Stuttering

Definition

Stuttering is a speech disorder in which the flow of speech is interrupted by:

  • Repetition or prolongation of sounds, words, or syllables
  • An inability to begin a word

In an attempt to speak, the person who is stuttering may:

  • Frequently blink the eyes
  • Have abnormal facial or upper body movements

Causes

The cause of stuttering is not completely understood. Some experts have suggested that stuttering may occur when:

  • A child's ability to speak does not match his verbal demands
  • There are psychological factors in a child’s life such as mental illness, extreme stress
  • Problems occur in the connections between muscles, nerves, and areas of the brain that control speech
  • There are problems in the part of the brain that controls the timing of speech muscle activation
Muscles and Nerves Involved in Speech
Tongue Innervation
Copyright © Nucleus Medical Media, Inc.

Risk Factors

Factors that may increase your chance of developing stuttering include:

  • Family history of stuttering
  • Sex: male
  • Age: between 2-6 years of age

Symptoms

Symptoms may include:

  • Repetition of sounds, syllables, words, or phrases
  • Prolongation of sounds within words
  • Between-word pauses and lack of sound
  • Spurting speech
  • Accompanying behaviors, such as:
    • Blinking
    • Facial ticks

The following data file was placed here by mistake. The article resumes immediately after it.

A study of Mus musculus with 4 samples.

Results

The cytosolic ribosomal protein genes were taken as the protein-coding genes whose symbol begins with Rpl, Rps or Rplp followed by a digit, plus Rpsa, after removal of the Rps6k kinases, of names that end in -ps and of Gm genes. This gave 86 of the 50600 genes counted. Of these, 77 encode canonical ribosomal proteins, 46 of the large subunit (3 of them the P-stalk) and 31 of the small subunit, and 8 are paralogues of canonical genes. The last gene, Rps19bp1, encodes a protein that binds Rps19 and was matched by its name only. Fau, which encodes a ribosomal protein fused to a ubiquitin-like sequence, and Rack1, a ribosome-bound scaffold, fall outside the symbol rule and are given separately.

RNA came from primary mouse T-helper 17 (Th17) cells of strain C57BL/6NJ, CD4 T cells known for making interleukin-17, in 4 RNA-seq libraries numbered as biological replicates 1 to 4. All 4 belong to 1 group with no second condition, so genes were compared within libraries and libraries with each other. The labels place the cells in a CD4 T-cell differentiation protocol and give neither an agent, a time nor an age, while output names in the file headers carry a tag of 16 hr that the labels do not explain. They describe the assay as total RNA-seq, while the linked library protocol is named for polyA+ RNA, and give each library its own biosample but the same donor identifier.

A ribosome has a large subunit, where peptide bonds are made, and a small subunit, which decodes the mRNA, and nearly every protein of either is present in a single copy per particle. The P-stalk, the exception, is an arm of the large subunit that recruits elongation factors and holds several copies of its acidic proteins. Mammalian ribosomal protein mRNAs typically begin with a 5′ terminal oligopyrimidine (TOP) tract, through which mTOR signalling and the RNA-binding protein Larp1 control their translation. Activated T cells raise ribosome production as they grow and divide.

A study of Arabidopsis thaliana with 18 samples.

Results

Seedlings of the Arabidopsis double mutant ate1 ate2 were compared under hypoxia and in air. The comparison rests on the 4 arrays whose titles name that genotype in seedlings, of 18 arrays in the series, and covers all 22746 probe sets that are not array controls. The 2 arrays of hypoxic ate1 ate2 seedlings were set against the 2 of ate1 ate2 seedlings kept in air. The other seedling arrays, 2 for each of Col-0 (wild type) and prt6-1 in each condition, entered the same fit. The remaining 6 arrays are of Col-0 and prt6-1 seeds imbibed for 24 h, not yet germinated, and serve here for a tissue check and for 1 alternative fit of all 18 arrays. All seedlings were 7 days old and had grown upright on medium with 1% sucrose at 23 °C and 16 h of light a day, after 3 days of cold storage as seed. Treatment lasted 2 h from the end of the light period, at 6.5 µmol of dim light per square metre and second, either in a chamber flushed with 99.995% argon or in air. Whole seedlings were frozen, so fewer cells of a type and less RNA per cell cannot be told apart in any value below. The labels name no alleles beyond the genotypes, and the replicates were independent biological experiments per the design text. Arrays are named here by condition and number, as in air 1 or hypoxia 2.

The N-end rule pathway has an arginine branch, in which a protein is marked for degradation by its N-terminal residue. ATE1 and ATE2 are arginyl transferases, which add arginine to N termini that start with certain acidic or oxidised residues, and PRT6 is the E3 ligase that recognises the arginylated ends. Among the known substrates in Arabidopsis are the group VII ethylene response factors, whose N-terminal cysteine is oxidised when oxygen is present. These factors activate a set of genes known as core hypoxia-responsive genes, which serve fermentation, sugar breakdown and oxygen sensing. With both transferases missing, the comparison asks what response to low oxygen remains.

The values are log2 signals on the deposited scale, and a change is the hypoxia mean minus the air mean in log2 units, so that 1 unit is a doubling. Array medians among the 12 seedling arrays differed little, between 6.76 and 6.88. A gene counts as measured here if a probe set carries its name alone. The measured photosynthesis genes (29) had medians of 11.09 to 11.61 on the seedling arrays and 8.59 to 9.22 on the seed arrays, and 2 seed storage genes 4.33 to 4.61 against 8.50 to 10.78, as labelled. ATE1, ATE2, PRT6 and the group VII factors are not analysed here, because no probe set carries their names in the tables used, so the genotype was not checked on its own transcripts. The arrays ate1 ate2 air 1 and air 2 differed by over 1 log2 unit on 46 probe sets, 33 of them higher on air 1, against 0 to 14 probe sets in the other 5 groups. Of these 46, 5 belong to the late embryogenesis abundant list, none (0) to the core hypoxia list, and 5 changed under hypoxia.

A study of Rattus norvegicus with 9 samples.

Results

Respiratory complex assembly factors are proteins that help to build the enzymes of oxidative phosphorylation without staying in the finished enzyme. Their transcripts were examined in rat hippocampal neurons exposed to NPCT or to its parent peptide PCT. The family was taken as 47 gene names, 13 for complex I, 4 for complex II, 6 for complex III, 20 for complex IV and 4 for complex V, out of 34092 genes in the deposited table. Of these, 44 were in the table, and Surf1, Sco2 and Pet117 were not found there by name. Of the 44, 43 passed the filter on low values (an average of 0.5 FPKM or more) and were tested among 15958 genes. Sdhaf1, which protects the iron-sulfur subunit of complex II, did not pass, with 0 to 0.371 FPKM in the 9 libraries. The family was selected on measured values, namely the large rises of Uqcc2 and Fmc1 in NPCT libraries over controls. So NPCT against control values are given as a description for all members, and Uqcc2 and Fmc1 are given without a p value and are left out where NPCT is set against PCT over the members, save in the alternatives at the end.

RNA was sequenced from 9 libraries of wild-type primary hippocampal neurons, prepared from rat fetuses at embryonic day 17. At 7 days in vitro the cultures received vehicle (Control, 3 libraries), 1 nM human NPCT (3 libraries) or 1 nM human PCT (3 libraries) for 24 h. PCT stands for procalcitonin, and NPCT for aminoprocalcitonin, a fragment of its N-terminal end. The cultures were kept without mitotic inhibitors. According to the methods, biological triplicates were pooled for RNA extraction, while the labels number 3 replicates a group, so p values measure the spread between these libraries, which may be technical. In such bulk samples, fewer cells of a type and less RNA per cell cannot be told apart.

• Lip tremors
    • Tense muscles of the mouth, jaw, or neck
  • Worsening symptoms when speaking in public
  • Improvement in symptoms when speaking in private

Diagnosis

The doctor will ask about your symptoms and medical history. A physical exam will be done. Diagnosis may be based on:

  • Stuttering history
  • Circumstances under which stuttering occurs
  • Speech and language capabilities
  • Evaluation of hearing and motor skills, including a pediatric and neurological examination
  • Further testing and treatment by a speech language pathologist who specializes in communication disorders

Treatment

Treatment can improve stuttering. The main goal is to get and maintain a feeling of control over speech fluency. The doctor or speech therapist can:

  • Evaluate the stuttering pattern
  • Assess what strategies may work best

Treatment may include:

  • Behavioral therapy—This focuses on behavior modifications that can be made to improve fluency.
  • Speech therapy—A primary goal of this type of therapy is to slow the rate of speech.

There is little evidence to support the use of drugs to improve speech fluency.

Prevention

There are no guidelines to prevent stuttering. However, early recognition and treatment may minimize or prevent a life-long problem.

Revisions

All EBSCO Publishing proprietary, consumer health and medical information found on this site is accredited by URAC. URAC's Health Web Site Accreditation Program requires compliance with 53 rigorous standards of quality and accountability, verified by independent audits. To send comments or feedback to our Editorial Team regarding the content please email us at HLEditorialTeam@ebscohost.com.

This content is reviewed regularly and is updated when new and relevant evidence is made available. This information is neither intended nor implied to be a substitute for professional medical advice. Always seek the advice of your physician or other qualified health provider prior to starting any new treatment or with questions regarding a medical condition.

Editorial Policy | Privacy Policy | Terms and Conditions | Support
Copyright © 2008 EBSCO Publishing. All rights reserved.

Smoking increases your risk of having a stroke. Talk with your health care provider about resources to help you quit. Today is the best day to start.